On the day of October 3, 1929, a story appeared in The College of Idaho’s Coyote that can only be described as “barberous.” The story described the last hair-cutting fracas, an underclassmen battle for supremacy betwixt C of I freshmen and sophomores, to take place on the C of I campus. The fracas had been replaced by the “Ball Rush” that year and for good reason. A harrowing first-hand account of the last fracas follows: 

Alas! It grieves me to hear that the famous hair-cutting fight has been discontinued in favor of the effeminate ball-rush. And I thank my lucky stars that I was privileged to indulge in the last barbaring contest to take place on the C of I campus.

But to get on with the story I have agreed to tell.

At 4:00 a.m. on Monday, September 26, 1927, I sneaked out of the house and across the street to the home of two other fellows and whistled twice under their window. A whispered, “We’ll be out in a minute!” and then a short wait.

We climbed into our ancient Ford and drove as quietly as the tottering hack would run to a deserted house a short distance from the campus which had been agreed upon the night before as the freshman rendezvous. Some fifty of our classmates were there as we arrived. It was pitch dark except for a dim arc-light two blocks away, the tense expectancy of battle made us talk in hushed whispers.

In a little while the class president arrived.

“Have you all the safety pin over your left shoulder?” he demanded.

We all had.

“Remember, now, don’t shear anyone with that badge of distinction. And listen! Whenever any on you nab a sophomore that you can’t handle alone, just yell ‘Charlie’ and all of you who aren’t busy at the moment rush over to help scalp the soph.”

Almost complete silence for a little while as we waited for developments.

Then a startled, “What was that?”

“Where?”

“I don’t see anything!”

“Shut up, everybody! you’ll give us away!” This last from the class president.

Silence again disturbed now and then by subdued cracklings in the bush across the street. We were all half scared and huddled closer together and waited.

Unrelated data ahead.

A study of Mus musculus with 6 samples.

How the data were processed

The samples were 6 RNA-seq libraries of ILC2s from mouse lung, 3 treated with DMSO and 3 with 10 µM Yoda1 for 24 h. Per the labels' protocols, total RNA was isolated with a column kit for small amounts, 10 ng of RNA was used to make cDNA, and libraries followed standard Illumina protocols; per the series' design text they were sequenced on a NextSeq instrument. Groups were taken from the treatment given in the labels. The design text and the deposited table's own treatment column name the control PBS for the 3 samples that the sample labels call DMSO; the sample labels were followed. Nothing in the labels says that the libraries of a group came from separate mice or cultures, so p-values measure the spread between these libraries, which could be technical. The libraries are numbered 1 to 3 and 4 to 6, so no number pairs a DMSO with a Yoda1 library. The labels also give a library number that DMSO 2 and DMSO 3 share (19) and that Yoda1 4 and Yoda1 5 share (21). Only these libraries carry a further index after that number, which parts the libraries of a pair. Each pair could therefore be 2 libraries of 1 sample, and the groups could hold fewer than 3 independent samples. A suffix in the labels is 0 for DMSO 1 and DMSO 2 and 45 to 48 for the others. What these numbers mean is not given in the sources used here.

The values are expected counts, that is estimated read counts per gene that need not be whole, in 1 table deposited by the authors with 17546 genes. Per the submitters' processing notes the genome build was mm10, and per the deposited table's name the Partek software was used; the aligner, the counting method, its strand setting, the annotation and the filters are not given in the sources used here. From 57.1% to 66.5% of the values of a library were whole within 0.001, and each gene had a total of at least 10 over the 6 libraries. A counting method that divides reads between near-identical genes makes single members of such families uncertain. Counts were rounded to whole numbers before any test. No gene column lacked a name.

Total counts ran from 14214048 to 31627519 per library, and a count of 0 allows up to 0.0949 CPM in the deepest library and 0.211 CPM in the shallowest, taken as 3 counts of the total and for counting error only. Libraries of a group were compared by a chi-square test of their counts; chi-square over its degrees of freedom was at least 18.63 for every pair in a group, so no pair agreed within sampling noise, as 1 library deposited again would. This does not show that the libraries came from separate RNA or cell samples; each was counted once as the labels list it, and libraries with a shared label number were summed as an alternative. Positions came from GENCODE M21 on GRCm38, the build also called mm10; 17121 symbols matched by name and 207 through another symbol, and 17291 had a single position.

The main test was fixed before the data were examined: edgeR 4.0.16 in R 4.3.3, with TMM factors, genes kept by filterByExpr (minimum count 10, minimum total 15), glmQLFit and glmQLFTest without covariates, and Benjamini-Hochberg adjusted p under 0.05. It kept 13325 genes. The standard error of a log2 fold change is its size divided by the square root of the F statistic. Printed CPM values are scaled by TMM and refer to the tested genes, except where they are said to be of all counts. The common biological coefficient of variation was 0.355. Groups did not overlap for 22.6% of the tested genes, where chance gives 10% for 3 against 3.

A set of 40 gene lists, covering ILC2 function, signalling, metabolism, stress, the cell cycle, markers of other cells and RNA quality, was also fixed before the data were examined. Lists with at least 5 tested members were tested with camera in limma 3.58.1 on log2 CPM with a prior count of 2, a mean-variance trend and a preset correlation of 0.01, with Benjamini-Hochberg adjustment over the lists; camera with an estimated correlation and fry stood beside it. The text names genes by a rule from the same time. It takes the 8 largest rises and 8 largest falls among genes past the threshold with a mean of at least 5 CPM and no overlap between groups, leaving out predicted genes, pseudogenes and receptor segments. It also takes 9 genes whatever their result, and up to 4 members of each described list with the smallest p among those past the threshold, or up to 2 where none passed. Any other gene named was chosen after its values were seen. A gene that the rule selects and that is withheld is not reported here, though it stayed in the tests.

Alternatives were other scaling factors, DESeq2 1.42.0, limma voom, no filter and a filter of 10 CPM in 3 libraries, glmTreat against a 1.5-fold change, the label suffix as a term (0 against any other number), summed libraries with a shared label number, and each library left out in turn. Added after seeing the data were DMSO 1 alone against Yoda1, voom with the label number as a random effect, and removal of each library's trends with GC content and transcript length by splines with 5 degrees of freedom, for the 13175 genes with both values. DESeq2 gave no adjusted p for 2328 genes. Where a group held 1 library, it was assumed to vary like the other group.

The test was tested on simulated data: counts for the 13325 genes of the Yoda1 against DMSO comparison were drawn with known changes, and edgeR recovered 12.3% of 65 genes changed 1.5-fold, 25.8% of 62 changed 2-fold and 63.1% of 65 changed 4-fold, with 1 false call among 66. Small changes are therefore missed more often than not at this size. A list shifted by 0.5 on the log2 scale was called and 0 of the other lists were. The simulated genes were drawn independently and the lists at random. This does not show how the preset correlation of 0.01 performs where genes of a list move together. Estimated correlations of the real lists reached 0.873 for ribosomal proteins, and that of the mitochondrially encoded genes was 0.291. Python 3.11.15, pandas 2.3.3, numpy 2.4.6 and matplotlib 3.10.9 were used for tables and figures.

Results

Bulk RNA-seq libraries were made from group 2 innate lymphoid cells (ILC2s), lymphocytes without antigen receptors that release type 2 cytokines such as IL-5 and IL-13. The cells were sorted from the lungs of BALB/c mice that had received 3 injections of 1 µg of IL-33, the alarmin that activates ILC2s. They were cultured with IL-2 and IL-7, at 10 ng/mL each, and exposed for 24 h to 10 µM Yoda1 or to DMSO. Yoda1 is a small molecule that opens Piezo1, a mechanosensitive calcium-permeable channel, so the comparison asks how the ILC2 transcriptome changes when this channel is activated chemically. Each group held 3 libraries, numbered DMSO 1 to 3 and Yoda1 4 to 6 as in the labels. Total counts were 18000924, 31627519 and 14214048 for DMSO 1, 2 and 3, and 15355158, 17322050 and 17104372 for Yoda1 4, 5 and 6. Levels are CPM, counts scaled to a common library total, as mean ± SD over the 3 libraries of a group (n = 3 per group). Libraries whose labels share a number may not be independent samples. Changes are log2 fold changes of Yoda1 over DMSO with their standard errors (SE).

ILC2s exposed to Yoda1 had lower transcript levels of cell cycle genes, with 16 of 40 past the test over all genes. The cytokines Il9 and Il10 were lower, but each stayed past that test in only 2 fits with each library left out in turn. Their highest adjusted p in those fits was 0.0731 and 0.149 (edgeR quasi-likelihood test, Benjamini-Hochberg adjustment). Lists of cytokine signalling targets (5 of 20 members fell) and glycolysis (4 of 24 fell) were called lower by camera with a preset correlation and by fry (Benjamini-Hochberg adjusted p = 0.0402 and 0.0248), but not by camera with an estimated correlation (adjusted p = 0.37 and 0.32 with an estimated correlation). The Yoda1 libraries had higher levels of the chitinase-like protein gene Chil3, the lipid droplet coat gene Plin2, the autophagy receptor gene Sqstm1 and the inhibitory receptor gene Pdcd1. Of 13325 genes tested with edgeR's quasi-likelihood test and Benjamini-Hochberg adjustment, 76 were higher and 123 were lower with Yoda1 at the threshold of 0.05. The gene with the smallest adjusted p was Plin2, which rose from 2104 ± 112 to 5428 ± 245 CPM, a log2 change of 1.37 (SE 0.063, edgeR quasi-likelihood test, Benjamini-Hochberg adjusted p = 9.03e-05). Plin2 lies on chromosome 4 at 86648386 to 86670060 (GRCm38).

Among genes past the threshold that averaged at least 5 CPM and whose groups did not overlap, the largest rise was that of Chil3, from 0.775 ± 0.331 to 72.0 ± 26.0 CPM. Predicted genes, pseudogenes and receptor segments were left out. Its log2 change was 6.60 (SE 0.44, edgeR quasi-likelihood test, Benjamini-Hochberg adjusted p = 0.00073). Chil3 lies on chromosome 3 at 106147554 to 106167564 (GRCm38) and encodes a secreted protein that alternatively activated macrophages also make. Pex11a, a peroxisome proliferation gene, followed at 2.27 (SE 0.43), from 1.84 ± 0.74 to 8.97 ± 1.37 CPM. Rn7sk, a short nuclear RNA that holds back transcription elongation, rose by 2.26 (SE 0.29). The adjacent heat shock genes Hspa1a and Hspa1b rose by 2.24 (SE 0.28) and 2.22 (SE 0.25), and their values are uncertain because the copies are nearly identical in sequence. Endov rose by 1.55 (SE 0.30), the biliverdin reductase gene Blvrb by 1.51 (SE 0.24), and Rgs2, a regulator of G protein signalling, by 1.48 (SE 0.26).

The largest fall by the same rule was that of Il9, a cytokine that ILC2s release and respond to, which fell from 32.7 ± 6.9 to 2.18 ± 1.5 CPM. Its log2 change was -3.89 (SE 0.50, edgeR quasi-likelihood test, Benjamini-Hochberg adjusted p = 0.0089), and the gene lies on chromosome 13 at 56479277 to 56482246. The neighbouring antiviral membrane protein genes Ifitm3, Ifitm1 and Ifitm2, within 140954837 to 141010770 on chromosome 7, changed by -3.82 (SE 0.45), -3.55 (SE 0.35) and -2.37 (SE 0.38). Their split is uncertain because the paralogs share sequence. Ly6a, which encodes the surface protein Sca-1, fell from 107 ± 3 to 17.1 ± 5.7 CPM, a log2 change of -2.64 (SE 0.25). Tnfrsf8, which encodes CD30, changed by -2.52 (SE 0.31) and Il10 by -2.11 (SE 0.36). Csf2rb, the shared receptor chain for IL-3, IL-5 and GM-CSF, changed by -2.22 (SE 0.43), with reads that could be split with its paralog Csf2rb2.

Suddenly from across the street: “Come on, fellers! Here they are.”

And bulking shapes rose against the dim sky and rushed us.

I was too busy with one fellow who was violently opposed to having his hair cut to pay much attention to the rest of the gang. Dust and choking, and the fight sounded like a cattle stampede as bodies thudded against the ground. My difficulties with the powerful soph were increasing terribly so I yelled “Charlie” and three frosh answered the call.

Scissors, somebody, quick!” one of them barked. We clipped that soph quite bald.

All at once the sophomores retreated, and we took stock of our own casualties. We felt pretty big when we found that non one of us suffered anything more serious than a very slight clipping. And we felt still more big when we returned after daylight and found that the yard was strewn with sophomore hair.

Feeling quite confident, we taunted the sophs for a while, and then went to town for breakfast.

Returning about 7:30 we found the sophomores mobilizing near Sterry hall, and worse still, we noticed that the “I” club had turned out in full all heavily armed with paddles. Our confidence left us, so we didn’t go onto the campus, but congregated on the vacant lot across Cleveland boulevard from the campus.

“I” men sent a delegation out to us, and urged us to fight the sophs on the campus, promising us a fair fight. We agreed, finally, and marched onto the campus in three “waves.” Sophs met us about midway between Sterry and Cleveland. We fought in pairs, one man to hold a victim while the other one was to use the scissors. It was a grand battle. For an hour we fought and nearly everyone lost some hair. Some warriors had clippers which mowed a neat trench down the middle of a good many domes. And “Charlie” the most popular man on the campus, much to the bewilderment of the sophomores.

Whenever “I” men judged the fight to be a little slow they caught a number of participants and paddled them smartly. Such tactics invariable aroused the ire of the tired warrior, who immediately rejoined the battle and took his spite out on some member of the enemy class.

After an hour of scalp mowing, the “I” men stopped the war. All scalps were bare in spots, and some were all but bald. The campus looked like a barber shop floor late Saturday night before the flunkie sweeps out.

For the next several days Caldwell barbers enjoyed a rich harvest as members of both lower classes had their coiffures retouched.